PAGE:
Petzl Leopard Crampons Review
Since their induction two years prior, the Petzl Leopard crampons have been creating quite a stir. This is mainly due to the unique appearance from cord used as the linkage system. Deciding to see what the hype was all about I purchased a pair and put them through an initial battery of tests. Available in a few different configurations, I went with the Leverlock.
Out of the box the first thing you notice is the weight. These things are light. The weight of the Leverlock FIL is a mere 330g, which is not only obscenely light by conventional crampon standards but by aluminum crampon standards as well. By comparison the Camp XLC Nanotech crampons, which are the second lightest on the market, weigh in at 478g which is about 40% more. Neither have snow antibots included but even when purchased separately they’re still substantially lighter than other aluminum models on the market by almost half.
Much of this weight savings comes from the Dyneema linkage bar which petzl has dubbed the Cord-Tec linkage system. The revolutionary system shaves weight, optimizes the packed volume of the crampons in the handy, included storage bag, and claim to increase the durability. The first questions I’m always asked centres around practical lifespan. How well will this thin cord hold up on varied terrain?
The second concern centres around the inherent play underfoot. It’s cordage so obviously it will bend, twist and fold. But will your boots? The Petzl Leopard is designed for snow approaches and glacier travel and generally this user will be in rigid mountaineering boots or ski boots making this a moot point.
Ease Of Use
Adjustment was a cinch (literally), as per the instructional video below. The cord does have a break-in period and after properly adjusting them and using for a while, it may be needed to go back and tighten them up a single notch. I’m a huge fan of the elastic strap with a single buckle. very easy to operate and unimposing on the top of your foot while walking. Also very easy to attach over ski boots with gloves on.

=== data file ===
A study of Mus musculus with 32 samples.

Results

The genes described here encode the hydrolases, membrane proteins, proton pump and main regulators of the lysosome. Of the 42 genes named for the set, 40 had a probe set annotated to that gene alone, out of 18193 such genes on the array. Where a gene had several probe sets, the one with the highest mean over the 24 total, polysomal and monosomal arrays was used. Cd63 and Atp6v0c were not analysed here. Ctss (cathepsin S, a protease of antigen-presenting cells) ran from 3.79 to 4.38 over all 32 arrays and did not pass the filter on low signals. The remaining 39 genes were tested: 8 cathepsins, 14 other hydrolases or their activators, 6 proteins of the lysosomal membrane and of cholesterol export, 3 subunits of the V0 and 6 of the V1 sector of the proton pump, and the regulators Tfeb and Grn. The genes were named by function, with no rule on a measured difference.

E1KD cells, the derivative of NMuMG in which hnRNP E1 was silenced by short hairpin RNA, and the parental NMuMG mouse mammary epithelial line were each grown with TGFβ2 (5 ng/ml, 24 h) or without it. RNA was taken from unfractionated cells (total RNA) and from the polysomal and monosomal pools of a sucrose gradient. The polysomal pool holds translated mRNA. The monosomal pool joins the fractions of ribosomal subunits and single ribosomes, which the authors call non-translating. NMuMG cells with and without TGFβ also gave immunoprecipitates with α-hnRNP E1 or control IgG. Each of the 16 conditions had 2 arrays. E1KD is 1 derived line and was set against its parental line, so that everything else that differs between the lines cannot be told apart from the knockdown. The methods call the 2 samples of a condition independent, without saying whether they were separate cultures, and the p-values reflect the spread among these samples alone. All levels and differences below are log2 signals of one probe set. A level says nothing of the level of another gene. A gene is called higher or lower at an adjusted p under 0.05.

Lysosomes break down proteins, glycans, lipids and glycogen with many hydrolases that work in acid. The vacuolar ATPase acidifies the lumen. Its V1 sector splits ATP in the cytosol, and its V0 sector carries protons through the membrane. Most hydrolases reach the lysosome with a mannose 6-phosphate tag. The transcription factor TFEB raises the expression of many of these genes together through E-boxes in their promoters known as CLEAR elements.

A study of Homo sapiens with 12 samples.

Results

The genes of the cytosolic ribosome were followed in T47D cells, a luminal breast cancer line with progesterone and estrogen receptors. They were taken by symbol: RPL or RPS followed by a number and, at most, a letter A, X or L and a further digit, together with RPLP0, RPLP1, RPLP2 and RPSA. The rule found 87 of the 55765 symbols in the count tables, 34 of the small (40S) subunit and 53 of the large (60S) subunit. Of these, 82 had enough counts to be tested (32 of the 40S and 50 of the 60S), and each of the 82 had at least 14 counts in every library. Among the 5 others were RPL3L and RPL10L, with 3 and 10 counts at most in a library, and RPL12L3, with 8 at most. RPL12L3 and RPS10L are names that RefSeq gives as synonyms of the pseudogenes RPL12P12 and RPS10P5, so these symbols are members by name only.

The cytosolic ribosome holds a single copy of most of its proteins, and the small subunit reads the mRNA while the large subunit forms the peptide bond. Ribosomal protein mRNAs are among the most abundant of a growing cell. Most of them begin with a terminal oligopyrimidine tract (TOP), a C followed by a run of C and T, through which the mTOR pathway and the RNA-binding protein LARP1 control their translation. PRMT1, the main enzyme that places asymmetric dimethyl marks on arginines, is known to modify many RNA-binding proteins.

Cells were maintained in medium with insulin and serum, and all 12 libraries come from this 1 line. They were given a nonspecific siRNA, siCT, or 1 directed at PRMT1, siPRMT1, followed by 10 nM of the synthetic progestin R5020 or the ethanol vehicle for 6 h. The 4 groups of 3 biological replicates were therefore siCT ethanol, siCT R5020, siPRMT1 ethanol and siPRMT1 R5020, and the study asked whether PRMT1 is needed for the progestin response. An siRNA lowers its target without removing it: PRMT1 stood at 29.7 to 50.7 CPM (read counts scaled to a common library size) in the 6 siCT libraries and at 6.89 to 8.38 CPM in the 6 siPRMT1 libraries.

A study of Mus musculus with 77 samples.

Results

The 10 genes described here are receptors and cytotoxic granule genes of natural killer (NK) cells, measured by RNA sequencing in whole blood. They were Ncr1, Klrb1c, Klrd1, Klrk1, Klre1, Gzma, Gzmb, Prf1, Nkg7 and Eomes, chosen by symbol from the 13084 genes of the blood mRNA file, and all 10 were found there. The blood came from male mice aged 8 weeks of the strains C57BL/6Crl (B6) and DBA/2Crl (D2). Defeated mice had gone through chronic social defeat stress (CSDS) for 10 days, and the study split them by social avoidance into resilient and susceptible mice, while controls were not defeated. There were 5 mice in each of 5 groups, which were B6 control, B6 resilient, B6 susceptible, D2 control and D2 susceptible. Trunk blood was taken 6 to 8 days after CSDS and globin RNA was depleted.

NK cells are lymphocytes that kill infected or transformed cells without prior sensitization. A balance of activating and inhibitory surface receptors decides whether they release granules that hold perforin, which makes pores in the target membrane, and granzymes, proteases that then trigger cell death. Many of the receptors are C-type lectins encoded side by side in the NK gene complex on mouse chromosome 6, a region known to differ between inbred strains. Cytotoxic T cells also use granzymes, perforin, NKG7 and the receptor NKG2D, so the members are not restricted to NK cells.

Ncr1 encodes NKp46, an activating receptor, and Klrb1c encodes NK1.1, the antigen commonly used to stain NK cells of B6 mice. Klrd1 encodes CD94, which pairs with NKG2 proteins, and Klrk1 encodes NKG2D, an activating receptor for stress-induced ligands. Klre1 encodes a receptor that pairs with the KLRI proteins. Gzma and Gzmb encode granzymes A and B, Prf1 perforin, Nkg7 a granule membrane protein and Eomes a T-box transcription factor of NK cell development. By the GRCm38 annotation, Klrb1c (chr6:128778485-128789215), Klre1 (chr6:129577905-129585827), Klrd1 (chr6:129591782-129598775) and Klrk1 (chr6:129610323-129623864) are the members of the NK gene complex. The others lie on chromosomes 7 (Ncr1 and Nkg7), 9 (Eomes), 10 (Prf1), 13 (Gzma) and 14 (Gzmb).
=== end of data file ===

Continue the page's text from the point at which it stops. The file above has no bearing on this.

When not on they easily return to their included bag or can be folded in upon themselves and stowed in a jacket pocket, further speeding transitions.
As with any aluminum crampon, these are intended for snow and light ice use. Walking on rocks or trying to front point for hours will kill these crampons pretty quickly. For a weight savings without a durability compromise, the Petzl Irvis Hybrid features a steel Irvis front section with the aluminum heel piece. These were initially prototyped by the late, great Ueli Steck when he summits all 82 peaks in the Alps over 4000m in 80 days.
Replacement parts are available through Petzl to add straps, levers or bails and configure your Petzl Leopard crampons into a number of permutations. Each piece, however, retails for $52 CAN and for that reason I recommend purchasing the FL variety and swapping in your own toe bails and heel levers.
It’s interesting to note that all new Petzl front pieces have been designed to be interchangeable and the Leopard is no exception. All new Petzl front points can be tied with the Cord-Loc and this requires cutting the existing cord and purchasing a $26 replacement. After threading it can be secured with a single fishermans knot. While not advised, I can attest that the Petzl Dart front pieces can be attached to the aluminum Leopard heel piece via the Cord-Tech system. While entertaining and certainly a weight savings, the ever-so-minimal flex does not, a very good day of drytooling, make.
|Material||7075 Series Aluminum|
|Linkage Material||Dyneema Cord|
Who Would Benefit From The Petzl Leopard Crampon
You don’t have to be a gram counter or a weight weiny to appreciate the reduction in pack weight by using the Petzl Leopard crampon. The light, compact package makes them optimal for ski touring, summertime alpine climbing approaches and snowy mountaineering. Considering they weigh the same as about four Clifbars, imagine how much lighter your climbing back will feel when you’re halfway up your Bugaboos objective. Combine these with the Petzl Ride ice axe and Petzl Altitude harness and you have a truly winning combination for fast and light alpinism.
Pros – Super light, compact, versatile, simple to use and adjust
Cons – None if used appropriately, durability if misused
If you’ve had a chance to use the Petzl Leopard crampons, comment below and let me know what you though.